Future’s seventh studio album “Future Hndrxx Presents: The WIZRD” serves as a celebration of everything he has accomplished over the last decade. This reflective theme is appropriate, as the album fulfills Future’s record deal with Epic Records.

The rapper, who is nominated for two Grammys this February, uses a diverse array of sounds with 808 drums to form the album’s foundation. While it starts off lyrically strong, the album never quite delivers on its potential because of its repetitiveness.

The album serves as Future’s first album since his 2017 releases “Future” and “Hndrxx,” which dropped in consecutive weeks, making Future the first artist to top the Billboard 200 with two different albums in back-to-back weeks.

FUTURE | While rap superstar Future stays true to the sound that launched him to notoriety, his most recent album comes across as more stale, failing to achieve the same level of quality as his previous work. However, because this album is the last on his record deal with Epic Records, hope remains for fans and dilettantes for his output in the future.

Since the release of those two albums, the usually prolific Future has maintained a relatively low profile, only releasing unconvincing collaborative mixtapes with Young Thug and Juice WRLD and the underperforming mixtape “Beast Mode 2.”

The Atlanta native, however, has matured more in the past two years than the typically raunchy content on his songs suggests. Future lamented the impact on the youth, especially with his glorification of the recreational drug lean, in interviews with Rolling Stone and Genius in 2019. During these interviews, Future revealed he had stopped consuming lean but was too scared to tell anyone because his fans expected him to be doing drugs.

Future is following the trend of modern hip-hop zeitgeist where artists like Lil Pump, Smokepurpp and J. Cole have all advocated anti-drug stances in the past year. The latter most notably described the pitfalls of drugs in his 2018 track “KOD.”

This maturation is evident throughout his album “The WIZRD,” which mentions drug abuse and drug dealing, though to a much lesser extent. Future instead opts to shift the focus to his successes in the music industry since his selection to the XXL Freshmen list in 2012.

The album’s weak point, atypical to its entire first half, is the opening track “Never Stop.” The nearly five-minutelong cut effectively introduces the victory lap nature of the entire project but soon overstays its welcome as Future maintains a monotone delivery that quickly becomes boring. However, the album establishes itself with the next six tracks, each running less than three minutes, and prepares the listener for a celebration of Future.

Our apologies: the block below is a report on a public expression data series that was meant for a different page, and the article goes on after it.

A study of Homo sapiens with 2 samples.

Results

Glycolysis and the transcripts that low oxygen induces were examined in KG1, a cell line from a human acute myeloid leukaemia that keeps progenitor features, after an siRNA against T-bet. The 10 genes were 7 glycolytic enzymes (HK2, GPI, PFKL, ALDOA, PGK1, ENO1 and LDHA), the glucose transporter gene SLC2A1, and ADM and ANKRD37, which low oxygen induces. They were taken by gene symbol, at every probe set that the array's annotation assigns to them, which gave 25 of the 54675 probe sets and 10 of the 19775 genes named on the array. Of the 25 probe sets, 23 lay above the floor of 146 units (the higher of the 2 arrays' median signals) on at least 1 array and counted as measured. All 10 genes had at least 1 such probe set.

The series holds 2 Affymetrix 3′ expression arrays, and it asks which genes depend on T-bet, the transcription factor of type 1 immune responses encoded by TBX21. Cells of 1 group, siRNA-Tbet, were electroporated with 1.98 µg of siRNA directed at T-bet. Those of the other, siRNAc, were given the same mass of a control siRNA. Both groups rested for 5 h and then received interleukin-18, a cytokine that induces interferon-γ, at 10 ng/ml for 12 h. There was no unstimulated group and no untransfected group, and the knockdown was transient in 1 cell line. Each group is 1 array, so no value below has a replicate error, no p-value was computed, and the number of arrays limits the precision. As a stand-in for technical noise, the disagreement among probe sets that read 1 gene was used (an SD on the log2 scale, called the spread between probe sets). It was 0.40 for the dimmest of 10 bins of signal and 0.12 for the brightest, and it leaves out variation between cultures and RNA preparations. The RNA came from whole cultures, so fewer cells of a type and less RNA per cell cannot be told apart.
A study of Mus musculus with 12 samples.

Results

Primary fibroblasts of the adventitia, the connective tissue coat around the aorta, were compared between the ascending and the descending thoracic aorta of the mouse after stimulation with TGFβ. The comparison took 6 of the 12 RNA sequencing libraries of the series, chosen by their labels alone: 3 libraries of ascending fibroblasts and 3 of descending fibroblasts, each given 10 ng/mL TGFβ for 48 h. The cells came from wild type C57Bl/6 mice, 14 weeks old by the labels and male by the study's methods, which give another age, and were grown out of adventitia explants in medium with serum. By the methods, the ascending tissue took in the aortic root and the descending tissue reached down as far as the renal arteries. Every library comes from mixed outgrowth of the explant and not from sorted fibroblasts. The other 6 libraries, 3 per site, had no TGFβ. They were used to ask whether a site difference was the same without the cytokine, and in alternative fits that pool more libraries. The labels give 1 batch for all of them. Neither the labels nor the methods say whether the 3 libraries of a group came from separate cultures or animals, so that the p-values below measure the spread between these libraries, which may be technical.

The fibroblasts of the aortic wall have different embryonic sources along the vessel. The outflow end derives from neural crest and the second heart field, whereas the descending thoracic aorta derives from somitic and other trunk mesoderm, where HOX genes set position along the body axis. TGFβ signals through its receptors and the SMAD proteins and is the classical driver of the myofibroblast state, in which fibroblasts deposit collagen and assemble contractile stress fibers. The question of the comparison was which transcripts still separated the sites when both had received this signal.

Tracks like “Jumpin on a Jet” and the lead single “Crushed Up” see Future rap about his successes with references to diamond-covered chains and 14-passenger jets over slick production, replete with psychedelic hi-hats and other eclectic sounds that cultivate the consuming nature of the LP.

Future has always relied heavily on a small team of producers to formulate his trademark sounds. Yet Future takes advantage of newer producers on this album, notably Memphis’ Tay Keith and Atlanta’s Wheezy.

Frequent collaborator Metro Boomin, however, is notably absent from the album — an unfortunate consequence, as his production is some of the most cutting edge in hip-hop today. Nevertheless, the beats are seamless and carefully produced to fit the psychedelic yet triumphant mood of the entire project.

The latter half of the album is where the project begins to slow down. Tracks become less memorable, almost as if Future is trying to pad the track list to reach the one-hour mark. Few tracks in the latter half are anything more than standard Future songs, with boastful bars about wealth and influence over rattling and powerful production.

Future rarely utilizes features on his LPs, choosing instead to focus on his own style and versatility — or lack thereof — and “The WIZRD” follows this formula, with only three features throughout the twenty tracks. “Unicorn Purp” sees Future and Young Thug show off the chemistry that pervaded their 2017 collaborative project “Super Slimey.” However, the Gunna feature on the back end of the track sounds like a retread of Young Thug and adds nothing of substance to the song.

The Travis Scott-assisted “First Off” is one of the lone bright spots on the latter half of the album. The track, which is dominated by the refrain in which Future brags about being on the Forbes list and making more than NBA legend Dwyane Wade, sees Scott continue his run of success dating back to 2018’s “Astroworld.” Scott’s staccato flow is punctuated by his ad-libs, which add some much-needed flavor to the track listing.

With Future, consistency is vital. The sound and atmosphere of “The WIZRD” are carefully cultivated and produce good results, even if the track list is repetitive and unfulfilled potential pervades the album.

Serving as a celebration of Future’s undoubted musical legacy, “The WIZRD” is an apt culmination of the most important phase of the rapper’s career thus far. Now that this chapter has closed, fans will await the rap superstar’s next musical moves.